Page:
God bless this girl. She knows she is getting a bad education and wants something better.
Via the Daily Caller:
At least one student in Chicago’s public school system is mad as hell. And if the YouTube video posted Thursday by the urban culture website World-Star Hip-Hop is any indication, she’s definitely not going to take it any more.
The video shows a student from a high school on Chicago’s South Side berating a music teacher because, she says, he isn’t teaching students anything despite striking for a week for better wages.
“You went on strike for a whole week to get paid to teach us,” the furious student says. “And now you’re here, and you don’t want to teach. Man, you better teach me something.”
“You get paid, right? I want an education!” she continues. “I refuse to sit in this class and not be taught.”
“Every day I walk out of this class with nothing. Why? Because you don’t do your job,” she yells.
Read more: http://dailycaller.com/2012/12/14/chicago-public-school-student-uncorls-rage-at-music-teacher-after-union-strike-video/
At least it is starting to improve after years of socialized medicine bringing quality down to the gutter. Largely because of the efforts of Prime Minister Harper and his TEA Party brand of economic conservatism have been introducing reforms and partial privatization back into the Canadian Healthcare System.
CALGARY, AB—Patients face a median wait of 17.7 weeks for surgical and other therapeutic treatments in Canada, down from 19.0 weeks in 2011, according to the 22nd annual edition of Waiting Your Turn: Wait Times for Health Care in Canada, released today by the Fraser Institute, Canada’s leading public policy think-tank.
On a national basis, median wait times have hovered between 16 and 19 weeks since 2000, following a marked deterioration in wait times during the 1990s when surgical waits grew steadily from 9.3 weeks in 1993 to 14 weeks in 1999. This year’s median wait of 17.7 weeks is 91 per cent longer than in 1993.
“While wait times have improved since last year, Canadians are still forced to wait more than four months, on average, for medically necessary treatment. Physicians, not to mention patients, consider this unreasonable,” said Nadeem Esmail, Fraser Institute senior fellow and co-author of the report.
Corporatism and cronyism at work.
This week, Jeffrey Zeints, Deputy Director for Management of the Office of Management and Budget, wrote a letter to Speaker of the House John Boehner in which he pled for a huge chunk of cash, supposedly to help the victims of Hurricane Sandy. “As the impacted region addresses the damage caused by the hurricane,” he wrote, “the Administration believes additional Federal resources are necessary to fund response, recovery, and mitigation efforts.” All in all, the Obama administration asked for $60.4 billion. The letter stated, “the Administration proposes that controls be put in place to ensure that funds are used appropriately to protect against waste, fraud, and abuse.”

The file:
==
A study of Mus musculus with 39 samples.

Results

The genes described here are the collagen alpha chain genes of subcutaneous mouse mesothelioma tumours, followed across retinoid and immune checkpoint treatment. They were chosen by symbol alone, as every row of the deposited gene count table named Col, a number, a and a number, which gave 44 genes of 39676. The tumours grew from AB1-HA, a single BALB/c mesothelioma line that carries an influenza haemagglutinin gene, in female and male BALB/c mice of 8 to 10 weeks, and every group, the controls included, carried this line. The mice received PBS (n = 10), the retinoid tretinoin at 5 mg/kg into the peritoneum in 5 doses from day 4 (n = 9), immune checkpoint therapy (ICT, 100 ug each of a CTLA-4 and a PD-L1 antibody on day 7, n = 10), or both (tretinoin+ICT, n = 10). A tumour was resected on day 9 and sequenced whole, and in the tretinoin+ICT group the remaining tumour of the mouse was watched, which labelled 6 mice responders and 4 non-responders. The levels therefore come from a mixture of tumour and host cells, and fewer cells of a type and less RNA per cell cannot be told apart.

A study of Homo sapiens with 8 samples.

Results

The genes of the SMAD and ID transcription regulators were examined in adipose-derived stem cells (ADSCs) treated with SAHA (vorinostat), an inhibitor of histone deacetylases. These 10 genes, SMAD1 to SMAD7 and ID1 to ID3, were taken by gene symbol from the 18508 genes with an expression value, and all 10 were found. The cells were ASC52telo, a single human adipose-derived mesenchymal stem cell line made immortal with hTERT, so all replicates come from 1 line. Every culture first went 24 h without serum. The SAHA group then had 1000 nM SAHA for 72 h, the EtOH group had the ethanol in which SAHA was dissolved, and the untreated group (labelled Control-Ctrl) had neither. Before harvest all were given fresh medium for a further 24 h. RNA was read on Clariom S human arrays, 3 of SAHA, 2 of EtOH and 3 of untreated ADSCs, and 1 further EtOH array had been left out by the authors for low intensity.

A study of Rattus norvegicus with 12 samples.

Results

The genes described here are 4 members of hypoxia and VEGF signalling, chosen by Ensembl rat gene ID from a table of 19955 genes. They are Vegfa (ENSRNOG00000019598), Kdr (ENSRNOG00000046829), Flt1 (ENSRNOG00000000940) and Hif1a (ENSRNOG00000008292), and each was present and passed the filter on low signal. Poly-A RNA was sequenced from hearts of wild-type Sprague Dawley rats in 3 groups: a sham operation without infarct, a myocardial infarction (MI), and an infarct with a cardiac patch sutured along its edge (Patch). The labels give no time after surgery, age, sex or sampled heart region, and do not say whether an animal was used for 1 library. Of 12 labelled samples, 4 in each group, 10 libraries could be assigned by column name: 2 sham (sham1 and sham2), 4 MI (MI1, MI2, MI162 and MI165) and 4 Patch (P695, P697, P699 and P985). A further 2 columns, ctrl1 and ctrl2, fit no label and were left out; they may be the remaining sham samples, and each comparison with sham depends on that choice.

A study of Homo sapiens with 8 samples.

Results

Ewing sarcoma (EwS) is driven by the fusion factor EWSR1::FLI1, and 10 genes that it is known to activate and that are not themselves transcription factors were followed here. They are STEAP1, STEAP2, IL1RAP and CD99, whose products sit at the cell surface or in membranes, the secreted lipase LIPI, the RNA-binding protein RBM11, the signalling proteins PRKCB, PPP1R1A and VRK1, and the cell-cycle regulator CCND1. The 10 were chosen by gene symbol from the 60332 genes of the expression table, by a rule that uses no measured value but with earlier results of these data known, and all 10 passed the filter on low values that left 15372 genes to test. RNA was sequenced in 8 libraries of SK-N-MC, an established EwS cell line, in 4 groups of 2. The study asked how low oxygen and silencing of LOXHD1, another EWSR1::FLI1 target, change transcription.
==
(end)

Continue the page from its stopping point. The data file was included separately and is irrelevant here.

They don’t need another set of controls. The request itself is full of waste, fraud, and abuse. Zients’ proposal accompanied the letter. And, among other frivolous propositions, it requested tons of money … for cars. Yes, cars:
- $300,000 to replace Secret Service law enforcement vehicles and other equipment;
- $855,000 to replace Immigration and Customs Enforcement vehicles and other equipment;
- $2.4 million to replace destroyed or damaged vehicles and other equipment for the Department of Homeland Security;
- $20,000 for the Department of Justice to “repair and replace vehicles”;
- $4 million to the FBI to “replace vehicles, laboratory and office equipment, and furniture damaged”;
- Another $1 million for the Department of Justice to “repair or replace over 15 vehicles”;
- $230,000 to the Bureau of Alcohol, Tobacco, Firearms and Explosives to replace three vehicles.”
Every appropriations bill these days includes a large cash request for vehicles. That might have something to do with the fact that the government now owns General Motors. No government in history has bought more civilian vehicles than this one. From 2005 to 2011, the Department of Justice, which has a grand total of 114,873 positions, grew its number of vehicles by 12 percent to 40,111. That’s one vehicle for every 2.9 employees. The Department of Homeland Security now has 56,534 vehicles, a 48 percent jump over 2005, to serve 240,000 employees – one vehicle for every 4.2 employees. If you took those cars and lined them up end-to-end, they’d stretch for 308 miles.